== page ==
Researchers: Hypnosis can help during surgery

Using a combination of hypnosis and local anesthesia for certain types of surgery can aid the healing process and reduce drug use and time spent in the hospital, anesthesiologists have found.

Belgian researchers studied the impact of using local anesthesia and hypnosis in certain kinds of breast cancer surgery and in thyroidectomy. In the first study, 18 women out of 78 underwent hypnosis for a number of breast cancer surgical procedures — quadrantectomy, sentinel node biopsy and axillary dissection — while the rest underwent general anesthetic for the same operations.

Although the patients who were hypnotized spent a few minutes more in the operating theater, opioid drug use in the first group was greatly diminished, as was time in the post-anesthesia care unit and hospital stay.

In the thyroid study, the researchers compared the outcomes of 18 patients in the local anesthesia/hypnosis group with 36 who had general anesthesia. Both groups had video-assisted thyroidectomy, in an attempt to decrease the invasiveness of the procedure without reducing patient comfort. Once again drug use, PACU and hospital stay times were significantly reduced among the local anesthesia/hypnosis group.

“Together with other anesthesiologists at the hospital, we are specialized in hypnosis,” one of the researchers, Dr. Christine Watremez, with the Department of Anaesthesiology at the Cliniques Universitaires St. Luc, UCL in Brussels, said in a news release. “Although there are special precautions to be taken … it is a straightforward procedure and appreciated by the patients.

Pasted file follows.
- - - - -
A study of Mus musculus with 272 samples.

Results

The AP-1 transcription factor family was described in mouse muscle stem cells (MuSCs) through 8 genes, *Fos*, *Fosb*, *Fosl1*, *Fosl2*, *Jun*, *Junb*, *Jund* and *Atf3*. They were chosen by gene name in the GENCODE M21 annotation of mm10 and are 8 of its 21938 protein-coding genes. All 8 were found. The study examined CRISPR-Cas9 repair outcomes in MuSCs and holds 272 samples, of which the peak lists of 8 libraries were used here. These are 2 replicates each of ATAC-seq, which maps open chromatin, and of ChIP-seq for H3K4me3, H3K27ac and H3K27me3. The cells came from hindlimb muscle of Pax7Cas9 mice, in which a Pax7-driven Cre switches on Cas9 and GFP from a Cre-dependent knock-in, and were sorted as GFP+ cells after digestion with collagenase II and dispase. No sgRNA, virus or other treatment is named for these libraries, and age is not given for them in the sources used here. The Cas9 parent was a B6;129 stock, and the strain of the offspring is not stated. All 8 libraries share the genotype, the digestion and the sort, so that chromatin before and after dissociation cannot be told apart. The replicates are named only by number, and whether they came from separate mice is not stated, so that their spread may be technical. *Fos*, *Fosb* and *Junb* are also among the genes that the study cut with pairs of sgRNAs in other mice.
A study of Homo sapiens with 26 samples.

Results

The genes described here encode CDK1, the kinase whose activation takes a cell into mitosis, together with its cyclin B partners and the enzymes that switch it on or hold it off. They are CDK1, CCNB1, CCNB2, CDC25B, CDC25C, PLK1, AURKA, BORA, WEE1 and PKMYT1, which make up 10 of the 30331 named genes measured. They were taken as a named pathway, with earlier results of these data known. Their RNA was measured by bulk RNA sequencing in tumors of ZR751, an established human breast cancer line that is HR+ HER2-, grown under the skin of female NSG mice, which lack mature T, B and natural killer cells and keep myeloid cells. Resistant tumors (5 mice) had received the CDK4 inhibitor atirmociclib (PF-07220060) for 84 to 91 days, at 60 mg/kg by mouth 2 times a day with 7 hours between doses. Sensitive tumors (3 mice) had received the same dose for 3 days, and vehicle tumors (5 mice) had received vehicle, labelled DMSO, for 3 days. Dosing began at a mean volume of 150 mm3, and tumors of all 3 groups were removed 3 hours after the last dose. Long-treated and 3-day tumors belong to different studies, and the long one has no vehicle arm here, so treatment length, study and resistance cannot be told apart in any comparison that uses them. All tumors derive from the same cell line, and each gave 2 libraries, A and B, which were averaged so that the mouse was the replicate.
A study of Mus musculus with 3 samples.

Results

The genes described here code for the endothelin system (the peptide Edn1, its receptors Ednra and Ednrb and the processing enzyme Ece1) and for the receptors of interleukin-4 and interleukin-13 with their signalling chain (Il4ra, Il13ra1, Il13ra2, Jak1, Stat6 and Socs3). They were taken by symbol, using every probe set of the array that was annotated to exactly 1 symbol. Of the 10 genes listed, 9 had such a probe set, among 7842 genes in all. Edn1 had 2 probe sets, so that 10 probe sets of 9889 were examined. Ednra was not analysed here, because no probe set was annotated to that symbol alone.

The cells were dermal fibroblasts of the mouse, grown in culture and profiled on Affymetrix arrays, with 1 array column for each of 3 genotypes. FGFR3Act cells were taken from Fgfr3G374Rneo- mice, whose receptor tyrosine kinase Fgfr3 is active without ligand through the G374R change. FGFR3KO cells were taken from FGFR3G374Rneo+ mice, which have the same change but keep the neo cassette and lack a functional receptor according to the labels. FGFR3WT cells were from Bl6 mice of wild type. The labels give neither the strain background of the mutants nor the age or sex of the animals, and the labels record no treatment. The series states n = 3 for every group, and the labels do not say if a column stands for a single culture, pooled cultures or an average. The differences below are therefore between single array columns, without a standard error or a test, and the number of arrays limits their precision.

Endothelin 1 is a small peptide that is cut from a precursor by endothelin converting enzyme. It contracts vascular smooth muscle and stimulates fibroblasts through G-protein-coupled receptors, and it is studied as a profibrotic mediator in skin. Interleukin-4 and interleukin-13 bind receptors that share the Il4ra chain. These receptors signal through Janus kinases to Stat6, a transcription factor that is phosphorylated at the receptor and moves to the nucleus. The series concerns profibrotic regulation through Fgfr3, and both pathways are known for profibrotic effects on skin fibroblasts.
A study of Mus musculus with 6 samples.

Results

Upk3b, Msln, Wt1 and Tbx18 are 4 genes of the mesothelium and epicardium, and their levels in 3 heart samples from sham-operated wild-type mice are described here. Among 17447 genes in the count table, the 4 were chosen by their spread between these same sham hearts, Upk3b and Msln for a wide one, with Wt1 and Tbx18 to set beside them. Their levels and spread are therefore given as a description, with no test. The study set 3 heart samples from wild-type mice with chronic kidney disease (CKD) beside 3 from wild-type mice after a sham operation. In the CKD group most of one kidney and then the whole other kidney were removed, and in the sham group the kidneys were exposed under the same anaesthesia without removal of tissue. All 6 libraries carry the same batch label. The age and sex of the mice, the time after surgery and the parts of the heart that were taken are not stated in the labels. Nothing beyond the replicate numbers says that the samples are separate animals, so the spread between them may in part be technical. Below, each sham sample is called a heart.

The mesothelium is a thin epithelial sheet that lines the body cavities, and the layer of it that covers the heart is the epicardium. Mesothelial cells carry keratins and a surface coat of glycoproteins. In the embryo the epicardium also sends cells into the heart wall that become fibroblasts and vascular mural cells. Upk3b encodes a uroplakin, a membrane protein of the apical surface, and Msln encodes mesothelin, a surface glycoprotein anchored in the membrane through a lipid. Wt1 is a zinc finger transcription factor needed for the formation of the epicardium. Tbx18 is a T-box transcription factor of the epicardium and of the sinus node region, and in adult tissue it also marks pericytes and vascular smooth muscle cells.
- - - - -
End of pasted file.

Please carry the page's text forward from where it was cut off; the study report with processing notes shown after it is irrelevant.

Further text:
That hypnosis works in reducing the perception of pain has been shown in a number of studies, including by imaging the brain with position emission tomography. Similar effects have been shown by using functional magnetic resonance imaging. Exactly how hypnosis works in this respect is still under discussion.

“There is still a lot of debate around the exact mechanism that allows hypnosis to reduce pain perception,” one of the researchers, professor Fabian Roelants, said in the news release. “But what is absolutely clear is that it does so. The result is that one third of thyroidectomies and a quarter of all breast cancer surgery carried out at the UCL hospital are performed under local anesthetic with the patient under hypnosis.”

There are no sex or age differences relating to susceptibility to hypnosis, the researchers said. If the patient is motivated, ready to cooperate and trusts the clinicians, the researchers said, the hypnosis will work. In addition to use in breast cancer surgery and thyroidectomy, the practice can be used in a number of other surgical procedures.

“We believe that our studies have shown considerable benefits for the local anesthetic/hypnosis combination, and that such benefits are not only for patients, but also for healthcare systems,” Watremez said. “By using hypnosis combined with local anesthetic we can reduce the costs involved in longer hospital stays, remove the need for patients to use opioid drugs, and increase their overall comfort and satisfaction levels.”

The research was presented Sunday at the European Anaesthesiology Congress in Amsterdam and should be considered preliminary until it is accepted for publication in a peer-reviewed journal.